Last Friday, May 4, the Richmond Public Schools Education Foundation hosted “The Pride of RPS: Living Legacies,” which celebrated distinguished alumni of the city’s public schools. One of the honorees at this inaugural event was a Washington and Lee alumnus: Al Broaddus, the former president of the Federal Reserve Bank of Richmond.

Before the Richmond native graduated from W&L in 1961 with a degree in political science, he attended Richmond’s Albert Hill Elementary School and Thomas Jefferson High School. In a profile in the event’s program, Al talks about his mother’s career as teacher in the Richmond schools. He also credits his performance in an elementary-school play, “Three Princes Come Riding,” with putting him at ease with public speaking, and mentions teachers who sparked his interest in math and history, which also came in handy with his future career.

After serving in the Army and earning an M.A. and a Ph.D. in economics from Indiana University, Al joined the Federal Reserve Bank in 1970 as an economist. He became the senior vice president and director of research in 1985, and the president in 1993. He retired in 2004.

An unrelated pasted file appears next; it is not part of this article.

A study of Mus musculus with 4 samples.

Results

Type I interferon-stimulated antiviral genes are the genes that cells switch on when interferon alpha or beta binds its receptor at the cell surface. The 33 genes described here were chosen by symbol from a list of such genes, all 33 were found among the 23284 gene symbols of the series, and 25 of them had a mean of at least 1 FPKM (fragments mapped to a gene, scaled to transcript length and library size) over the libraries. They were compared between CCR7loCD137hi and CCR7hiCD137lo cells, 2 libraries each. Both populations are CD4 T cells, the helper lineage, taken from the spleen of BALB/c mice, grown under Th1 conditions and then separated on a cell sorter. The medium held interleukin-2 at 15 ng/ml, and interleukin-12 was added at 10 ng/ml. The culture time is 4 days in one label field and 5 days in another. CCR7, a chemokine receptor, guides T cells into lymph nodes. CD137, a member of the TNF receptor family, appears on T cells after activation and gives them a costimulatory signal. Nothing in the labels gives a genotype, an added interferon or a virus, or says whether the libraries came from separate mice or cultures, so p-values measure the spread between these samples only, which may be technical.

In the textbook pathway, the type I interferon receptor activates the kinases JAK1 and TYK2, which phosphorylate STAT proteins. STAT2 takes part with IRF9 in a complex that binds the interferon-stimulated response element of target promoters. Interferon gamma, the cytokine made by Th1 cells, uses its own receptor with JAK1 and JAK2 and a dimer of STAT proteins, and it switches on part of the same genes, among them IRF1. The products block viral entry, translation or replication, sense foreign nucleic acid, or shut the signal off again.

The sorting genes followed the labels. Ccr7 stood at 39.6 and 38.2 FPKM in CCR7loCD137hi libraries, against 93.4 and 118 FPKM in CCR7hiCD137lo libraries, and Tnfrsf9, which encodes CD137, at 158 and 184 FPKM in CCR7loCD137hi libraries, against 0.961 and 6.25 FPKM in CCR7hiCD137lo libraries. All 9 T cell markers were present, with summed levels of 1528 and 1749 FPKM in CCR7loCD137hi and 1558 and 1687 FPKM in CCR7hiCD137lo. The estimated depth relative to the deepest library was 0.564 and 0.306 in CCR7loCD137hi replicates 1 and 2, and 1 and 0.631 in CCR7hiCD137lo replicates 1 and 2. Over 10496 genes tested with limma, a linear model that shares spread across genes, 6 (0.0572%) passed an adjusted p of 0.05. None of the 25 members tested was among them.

He also had a brief stint as a teacher. After graduating from W&L and before joining the Army, he subbed with the Richmond schools as a French teacher for three months. “It was definitely the hardest job I ever had,” he says in the profile.

Al was part of a stellar lineup of honorees: Bobby Bayliss, tennis coach at the University of Notre Dame; J. Plunky Branch, noted musician; B.J. Brown and Robert L. Payne Sr., co-founders of the Richmond Jazz Society; Jay Ipson, founder and executive director of the Virginia Holocaust Museum (who spoke at W&L on May 3, during Holocaust Remembrance Week); the Hon. Cynthia Newbille, a member of Richmond’s city council; Desiree Roots Centeio, actor and singer; and Gladys Wilder, an educator in the Richmond public schools.

The Richmond Public Schools Education Foundation, says its website, supports the school board and the schools in their efforts “to provide educational excellence to the children of Richmond, their families and the broader Richmond community.”